By Regina Boyle Wheeler
    WebMD Feature
    Reviewed by Laura J. Martin, MD

    E-cigarettes: Are they a safe way for smokers to stop or a gateway to getting kids hooked on a habit that's known to cause deadly diseases of the heart and lungs as well as cancer?

    Public health experts and tobacco researchers are trying to find out. So far, results are mixed.

    One thing is certain. They're not hard to find. Stores selling them -- called "vape shops" -- are everywhere across the country.

    In the summer of 2016, new rules about their sale went into effect. So you have to be 18 to buy them and show an ID if you're under 27.

    The Basics

    E-cigarettes are battery-operated devices that can look like a real cigarette or pen. Some with refillable tanks look a bit different. There are hundreds of brands, and they're sometimes marketed as a way to get your nicotine fix without the danger of cigarettes.

    They all work the same basic way:

    • They have containers filled with liquid that's usually made of nicotine, flavorings, and other chemicals.
    • A heating device turns the liquid into vapor that you inhale when you take a drag.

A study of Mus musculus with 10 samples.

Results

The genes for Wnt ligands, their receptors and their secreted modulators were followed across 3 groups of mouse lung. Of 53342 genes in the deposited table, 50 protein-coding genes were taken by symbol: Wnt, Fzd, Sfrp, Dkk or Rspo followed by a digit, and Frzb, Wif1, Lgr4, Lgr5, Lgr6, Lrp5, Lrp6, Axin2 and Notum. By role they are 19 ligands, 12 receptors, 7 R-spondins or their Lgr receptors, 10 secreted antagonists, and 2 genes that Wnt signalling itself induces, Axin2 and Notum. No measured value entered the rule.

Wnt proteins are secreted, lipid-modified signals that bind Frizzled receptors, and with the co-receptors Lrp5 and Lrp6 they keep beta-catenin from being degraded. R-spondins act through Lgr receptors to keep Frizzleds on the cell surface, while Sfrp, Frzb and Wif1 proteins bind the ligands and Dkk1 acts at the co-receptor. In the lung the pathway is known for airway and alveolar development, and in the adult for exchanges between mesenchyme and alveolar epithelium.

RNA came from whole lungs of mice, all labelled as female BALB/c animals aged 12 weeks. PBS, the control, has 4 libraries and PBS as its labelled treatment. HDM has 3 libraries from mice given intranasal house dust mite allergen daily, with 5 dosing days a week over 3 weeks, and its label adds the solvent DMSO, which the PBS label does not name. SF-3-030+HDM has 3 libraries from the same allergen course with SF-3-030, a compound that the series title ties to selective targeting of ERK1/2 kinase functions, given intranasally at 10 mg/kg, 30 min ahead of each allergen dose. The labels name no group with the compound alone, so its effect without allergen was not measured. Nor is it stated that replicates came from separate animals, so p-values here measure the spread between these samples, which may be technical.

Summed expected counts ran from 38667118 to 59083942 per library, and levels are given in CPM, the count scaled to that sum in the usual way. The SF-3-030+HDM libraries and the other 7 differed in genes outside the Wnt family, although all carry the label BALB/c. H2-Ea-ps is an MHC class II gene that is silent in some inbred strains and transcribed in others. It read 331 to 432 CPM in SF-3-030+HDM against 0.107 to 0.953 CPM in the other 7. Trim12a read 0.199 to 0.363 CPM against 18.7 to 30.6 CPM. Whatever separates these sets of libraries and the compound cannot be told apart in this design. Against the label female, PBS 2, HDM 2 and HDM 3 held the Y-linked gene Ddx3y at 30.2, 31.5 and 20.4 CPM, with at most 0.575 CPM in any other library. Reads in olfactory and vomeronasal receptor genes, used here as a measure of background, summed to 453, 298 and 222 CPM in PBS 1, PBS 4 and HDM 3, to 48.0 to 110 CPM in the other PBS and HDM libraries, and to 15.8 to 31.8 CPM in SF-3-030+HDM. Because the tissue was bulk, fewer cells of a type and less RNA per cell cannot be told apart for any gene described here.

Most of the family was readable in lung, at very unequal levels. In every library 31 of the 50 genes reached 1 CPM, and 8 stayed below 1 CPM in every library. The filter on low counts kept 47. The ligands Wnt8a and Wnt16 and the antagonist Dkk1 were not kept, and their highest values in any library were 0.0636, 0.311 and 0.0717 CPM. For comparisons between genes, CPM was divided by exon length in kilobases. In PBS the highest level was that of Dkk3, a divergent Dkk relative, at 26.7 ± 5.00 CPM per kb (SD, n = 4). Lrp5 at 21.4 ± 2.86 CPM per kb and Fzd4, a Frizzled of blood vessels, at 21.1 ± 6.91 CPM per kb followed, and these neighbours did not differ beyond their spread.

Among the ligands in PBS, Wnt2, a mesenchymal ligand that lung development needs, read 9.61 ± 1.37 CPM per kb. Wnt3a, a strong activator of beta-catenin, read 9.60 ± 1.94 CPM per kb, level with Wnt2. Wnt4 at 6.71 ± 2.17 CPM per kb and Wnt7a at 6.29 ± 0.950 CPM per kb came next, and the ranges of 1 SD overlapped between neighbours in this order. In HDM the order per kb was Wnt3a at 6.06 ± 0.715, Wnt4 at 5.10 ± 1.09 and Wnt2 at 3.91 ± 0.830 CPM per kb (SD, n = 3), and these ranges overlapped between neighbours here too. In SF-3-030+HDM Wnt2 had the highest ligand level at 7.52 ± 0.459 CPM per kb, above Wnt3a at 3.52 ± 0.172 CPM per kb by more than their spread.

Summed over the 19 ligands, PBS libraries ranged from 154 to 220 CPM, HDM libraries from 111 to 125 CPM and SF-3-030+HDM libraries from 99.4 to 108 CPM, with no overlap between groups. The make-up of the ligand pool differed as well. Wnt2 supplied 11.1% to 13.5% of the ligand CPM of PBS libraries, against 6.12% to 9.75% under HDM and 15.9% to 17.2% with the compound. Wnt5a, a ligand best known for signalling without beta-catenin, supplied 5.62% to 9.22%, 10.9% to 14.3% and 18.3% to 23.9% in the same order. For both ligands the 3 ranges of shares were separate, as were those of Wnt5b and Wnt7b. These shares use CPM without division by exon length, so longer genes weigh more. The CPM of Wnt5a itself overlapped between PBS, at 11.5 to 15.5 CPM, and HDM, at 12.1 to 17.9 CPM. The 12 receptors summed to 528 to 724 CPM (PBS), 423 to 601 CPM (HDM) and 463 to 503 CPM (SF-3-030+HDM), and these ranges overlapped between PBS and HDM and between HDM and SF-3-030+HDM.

Using an e-cig is called "vaping."

    Are They Safe?

    Most contain the chemical nicotine, which is addictive. When you stop using it, you can go into withdrawal and feel depressed and crabby. Nicotine isn't good for people with heart problems. And some initial research shows it may hurt your arteries.

    It can also:

    • Harm the developing brains of kids and could affect memory and attention.
    • Damage unborn babies. Pregnant women shouldn't use anything with nicotine.

    But the concerns go beyond nicotine alone.

    Some brands contain chemicals including formaldehyde -- often used in building materials -- and another ingredient used in antifreeze that can cause cancer.

    Flavors in e-cigs also raise red flags. Some use a buttery-tasting chemical called diacetyl, which is often added to foods like popcorn. When it's inhaled, it can be dangerous.

    "Diacetyl is a well-known harmful chemical, which, among other things, causes a lung disease called 'popcorn lung,'" says Erika Sward, assistant vice president for national advocacy at the American Lung Association.